You’ve seen it in movies, TV shows, and among your fellow boaters. Drinking alcohol on boats is not an uncommon sight, but that doesn’t mean there aren’t strict laws surrounding who is drinking, how much they’ve had to drink, and how they are conducting themselves on the boat. We’ll cover the basics of Florida’s laws regarding drinking alcohol on a boat.

Florida law specifically and clearly states that anyone operating a boat or using boating accessories like water skis, sailboards, or any similar device while intoxicated is breaking the law. As most Floridians know, the state considers a person with a blood alcohol level of 0.08 or higher to be intoxicated. While that is the legal limit that is tested for, the law also states that a blood alcohol concentration of 0.05 to 0.08 accompanied by other abnormal or dangerous behavior may also be considered under the influence.

Also read: Is there a speed limit for boats on Florida waterways?

Any person operating a vessel on Florida waters is eligible to be tested for drugs or alcohol if an officer requests, which means it’s not subject to dangerous or risky behavior or any other factors. Anyone who refuses to testing can be fined $500.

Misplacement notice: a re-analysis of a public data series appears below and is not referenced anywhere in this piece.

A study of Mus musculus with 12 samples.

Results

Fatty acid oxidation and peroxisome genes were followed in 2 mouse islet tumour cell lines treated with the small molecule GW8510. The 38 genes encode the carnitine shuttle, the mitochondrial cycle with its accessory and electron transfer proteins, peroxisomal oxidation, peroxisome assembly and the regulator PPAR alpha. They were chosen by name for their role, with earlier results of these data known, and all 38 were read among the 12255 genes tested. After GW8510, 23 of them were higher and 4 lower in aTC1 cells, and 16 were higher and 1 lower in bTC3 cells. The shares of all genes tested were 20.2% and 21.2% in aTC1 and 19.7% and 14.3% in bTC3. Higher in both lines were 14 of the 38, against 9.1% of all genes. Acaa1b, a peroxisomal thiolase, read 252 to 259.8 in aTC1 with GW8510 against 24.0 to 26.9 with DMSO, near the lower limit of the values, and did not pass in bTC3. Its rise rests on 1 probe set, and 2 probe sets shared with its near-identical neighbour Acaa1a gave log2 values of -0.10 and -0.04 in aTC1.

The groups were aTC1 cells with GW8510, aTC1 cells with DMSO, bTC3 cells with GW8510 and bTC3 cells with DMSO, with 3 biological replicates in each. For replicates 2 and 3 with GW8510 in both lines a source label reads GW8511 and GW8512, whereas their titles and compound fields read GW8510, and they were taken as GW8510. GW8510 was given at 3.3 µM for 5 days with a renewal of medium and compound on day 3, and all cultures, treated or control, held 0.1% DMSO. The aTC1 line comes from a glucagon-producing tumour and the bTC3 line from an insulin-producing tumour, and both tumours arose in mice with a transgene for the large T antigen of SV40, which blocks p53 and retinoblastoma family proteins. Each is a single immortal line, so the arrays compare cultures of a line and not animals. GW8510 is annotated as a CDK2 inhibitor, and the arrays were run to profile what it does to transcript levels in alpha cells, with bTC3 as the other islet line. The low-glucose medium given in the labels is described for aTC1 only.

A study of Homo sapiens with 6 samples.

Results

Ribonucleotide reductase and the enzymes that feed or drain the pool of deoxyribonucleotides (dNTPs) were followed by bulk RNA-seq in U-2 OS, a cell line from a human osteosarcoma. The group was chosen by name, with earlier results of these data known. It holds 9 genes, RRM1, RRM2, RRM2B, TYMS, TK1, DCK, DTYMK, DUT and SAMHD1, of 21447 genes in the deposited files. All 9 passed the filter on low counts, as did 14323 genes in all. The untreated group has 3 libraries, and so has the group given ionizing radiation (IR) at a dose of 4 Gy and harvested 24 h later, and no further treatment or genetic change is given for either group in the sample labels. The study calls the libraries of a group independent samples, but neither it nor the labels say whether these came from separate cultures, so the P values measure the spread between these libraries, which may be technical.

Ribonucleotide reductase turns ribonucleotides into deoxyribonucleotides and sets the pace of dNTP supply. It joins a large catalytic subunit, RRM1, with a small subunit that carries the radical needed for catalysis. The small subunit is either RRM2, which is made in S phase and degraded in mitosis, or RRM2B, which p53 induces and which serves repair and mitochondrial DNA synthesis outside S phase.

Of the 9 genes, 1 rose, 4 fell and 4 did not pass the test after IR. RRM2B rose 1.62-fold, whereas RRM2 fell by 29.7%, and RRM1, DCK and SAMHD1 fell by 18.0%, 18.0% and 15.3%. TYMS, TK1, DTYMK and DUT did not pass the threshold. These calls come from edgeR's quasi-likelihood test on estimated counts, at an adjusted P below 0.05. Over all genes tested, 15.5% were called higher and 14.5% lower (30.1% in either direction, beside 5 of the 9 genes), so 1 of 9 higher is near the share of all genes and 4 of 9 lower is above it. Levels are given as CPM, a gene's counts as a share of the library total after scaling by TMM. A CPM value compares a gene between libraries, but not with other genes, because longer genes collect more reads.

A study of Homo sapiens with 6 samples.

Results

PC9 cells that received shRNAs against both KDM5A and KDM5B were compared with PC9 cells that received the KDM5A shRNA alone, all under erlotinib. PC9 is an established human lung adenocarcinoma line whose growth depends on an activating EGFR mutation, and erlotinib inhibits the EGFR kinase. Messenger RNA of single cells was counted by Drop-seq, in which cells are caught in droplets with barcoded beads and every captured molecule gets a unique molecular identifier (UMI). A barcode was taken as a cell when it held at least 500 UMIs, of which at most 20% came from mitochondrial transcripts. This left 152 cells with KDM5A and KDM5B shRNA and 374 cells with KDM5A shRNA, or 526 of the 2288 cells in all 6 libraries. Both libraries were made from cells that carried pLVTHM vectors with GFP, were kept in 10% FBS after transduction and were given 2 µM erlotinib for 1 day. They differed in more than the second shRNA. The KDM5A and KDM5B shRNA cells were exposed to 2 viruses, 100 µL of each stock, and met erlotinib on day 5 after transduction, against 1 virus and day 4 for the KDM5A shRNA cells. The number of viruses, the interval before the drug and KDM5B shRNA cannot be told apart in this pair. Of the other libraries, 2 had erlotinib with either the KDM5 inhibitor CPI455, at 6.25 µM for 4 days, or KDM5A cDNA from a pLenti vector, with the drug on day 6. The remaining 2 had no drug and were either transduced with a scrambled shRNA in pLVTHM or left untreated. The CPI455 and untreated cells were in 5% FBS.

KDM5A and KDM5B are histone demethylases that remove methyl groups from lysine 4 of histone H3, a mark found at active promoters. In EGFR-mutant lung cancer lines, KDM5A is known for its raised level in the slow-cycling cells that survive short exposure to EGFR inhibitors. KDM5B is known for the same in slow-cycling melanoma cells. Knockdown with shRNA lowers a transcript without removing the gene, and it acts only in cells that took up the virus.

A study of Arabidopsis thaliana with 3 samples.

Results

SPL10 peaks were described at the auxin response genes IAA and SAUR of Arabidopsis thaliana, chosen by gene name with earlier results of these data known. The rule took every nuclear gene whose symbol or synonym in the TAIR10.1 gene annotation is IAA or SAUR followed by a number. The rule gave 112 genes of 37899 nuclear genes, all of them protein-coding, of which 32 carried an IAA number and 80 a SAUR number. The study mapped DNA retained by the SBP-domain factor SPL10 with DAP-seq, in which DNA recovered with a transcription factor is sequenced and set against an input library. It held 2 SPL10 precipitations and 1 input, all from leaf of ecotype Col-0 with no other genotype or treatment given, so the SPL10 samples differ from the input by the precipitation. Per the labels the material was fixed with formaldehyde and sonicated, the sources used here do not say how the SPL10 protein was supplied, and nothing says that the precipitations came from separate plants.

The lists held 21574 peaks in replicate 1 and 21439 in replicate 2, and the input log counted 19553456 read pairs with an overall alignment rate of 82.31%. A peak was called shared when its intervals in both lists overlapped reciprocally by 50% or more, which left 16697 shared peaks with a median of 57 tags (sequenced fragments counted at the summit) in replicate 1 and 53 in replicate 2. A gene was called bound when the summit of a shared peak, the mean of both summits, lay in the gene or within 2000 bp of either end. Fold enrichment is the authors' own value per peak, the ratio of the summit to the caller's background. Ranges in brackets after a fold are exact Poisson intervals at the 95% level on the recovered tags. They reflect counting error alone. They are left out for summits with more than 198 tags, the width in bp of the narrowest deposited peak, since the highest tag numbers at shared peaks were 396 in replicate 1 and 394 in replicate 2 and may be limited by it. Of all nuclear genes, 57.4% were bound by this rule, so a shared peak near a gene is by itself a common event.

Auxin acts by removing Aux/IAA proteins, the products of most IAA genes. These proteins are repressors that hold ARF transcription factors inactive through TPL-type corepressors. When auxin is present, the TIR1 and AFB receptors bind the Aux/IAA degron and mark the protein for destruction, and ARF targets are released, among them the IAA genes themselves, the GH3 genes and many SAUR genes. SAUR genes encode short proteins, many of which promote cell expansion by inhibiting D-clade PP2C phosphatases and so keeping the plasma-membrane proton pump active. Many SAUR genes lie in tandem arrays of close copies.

Of course, the laws outlined to this point are only for those above the legal drinking age of 21 years old. For anyone underage, any measurable amount of alcohol, typically measured at 0.02 or higher, are subject to an underage drinking citation with minimum mandatory sentencing.

In the end, the rules of drinking and boating are similar to those on the road in Florida. Although Florida law doesn’t specifically state that the operator of a vessel can’t consume alcohol, doing so is risky and dangerous to you and others if you aren’t sure that your blood alcohol concentration is below the legal limit. While your passengers may indulge, it’s important they practice good boating etiquette and allow the driver to focus on navigating the boat.